Land prices in Siem Reap town increased slightly last year compared with the previous year, thanks to the growing strength of the tourism industry, according to insiders.
The provincial capital saw prices rise about five percent in residential areas in 2017 and about 10 percent in commercial areas, said Po Eavkong, the CEO and co-founder of Advance Real Estate Company.
“Siem Reap land prices rose last year because of the increasing number of tourists,” he said.
“As a result, hotels, entertainment venues, shops and services saw rising demand. The tourism industry is invigorating the property market.” The asking price for land from Psar Leu market to the Royal Palace on National Road 6 during the first half of 2017 ranged from $1,000 to $1,500 per square metre or higher, depending on the land size and location of the property, according to the company’s report.
From Psar Leu market to Helistar they range from $1,000 per square metre, while from Helistar to the cultural village they range from $500 to $800. The asking prices fall to between $300 and $600 along National Road 6 from the cultural village to the airport.
“We can estimate the land prices in 2017 and the percentage by the growth of the provincial property sector, thanks to the growth of the tourism sector, and we have the Siem Reap land prices in 2017 to release soon,” Mr. Eavkong said.
“When we talk about the property in Siem Reap town, we focus on four communes – Sla Kram, Svay Dankum, Sala Kanraeuk and Kouk Chak – because they see the most transactions,” Mr Eavkong added, saying the property market in the tourist town is the most active in the country, after Phnom Penh.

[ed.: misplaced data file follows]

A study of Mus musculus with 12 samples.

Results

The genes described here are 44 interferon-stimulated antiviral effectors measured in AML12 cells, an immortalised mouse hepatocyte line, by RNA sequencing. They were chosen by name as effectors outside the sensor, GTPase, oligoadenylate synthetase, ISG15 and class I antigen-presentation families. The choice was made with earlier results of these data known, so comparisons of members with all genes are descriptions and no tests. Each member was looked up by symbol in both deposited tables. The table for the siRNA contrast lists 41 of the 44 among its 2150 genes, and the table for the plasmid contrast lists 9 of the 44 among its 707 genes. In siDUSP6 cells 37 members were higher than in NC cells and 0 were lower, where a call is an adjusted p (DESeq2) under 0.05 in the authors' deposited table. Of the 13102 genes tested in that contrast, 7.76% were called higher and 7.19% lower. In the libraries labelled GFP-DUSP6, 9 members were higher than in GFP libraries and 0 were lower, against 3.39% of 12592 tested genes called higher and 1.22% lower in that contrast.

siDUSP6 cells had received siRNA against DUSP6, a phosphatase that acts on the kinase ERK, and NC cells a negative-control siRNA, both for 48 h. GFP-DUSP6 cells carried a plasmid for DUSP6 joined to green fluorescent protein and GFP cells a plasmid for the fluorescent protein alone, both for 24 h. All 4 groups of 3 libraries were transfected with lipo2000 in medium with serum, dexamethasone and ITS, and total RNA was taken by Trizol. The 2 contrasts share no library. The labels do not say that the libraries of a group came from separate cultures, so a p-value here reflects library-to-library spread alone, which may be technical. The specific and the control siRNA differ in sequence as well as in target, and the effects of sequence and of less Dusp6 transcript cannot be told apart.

Mr Eavkong said the tourism sector creates many jobs for local people and also makes more income for the national budget and as well as invigorates the economy.
Hy Say, the director of Siem Reap’s Land Management Department, said the province has been growing like Phnom Penh, especially in the tourism sector.
There were 245 projects asking for construction permits and the department approved 264 construction projects in 2017, while the department earned 833,204,400 riel, or about $207,000, according to the department’s report.
“Due to the growth of the tourism sector, citizens and investors are investing in constructing small and big buildings such as hotels, guesthouses, restaurants, borey and other buildings to serve the growth of the tourism sector,” Mr Say said.
The Angkor Archeological Park, which include the famed Unesco-listed Angkor temples, earned income from entry tickets of $107.9 million in 2017, a 72.5 percent increase compared with the year before.
From January to December, the number of foreign visitors to the park rose 11.8 percent to 2.4 million, according to a statement from the state-run Angkor Enterprise Institute, which manages the ticket sales.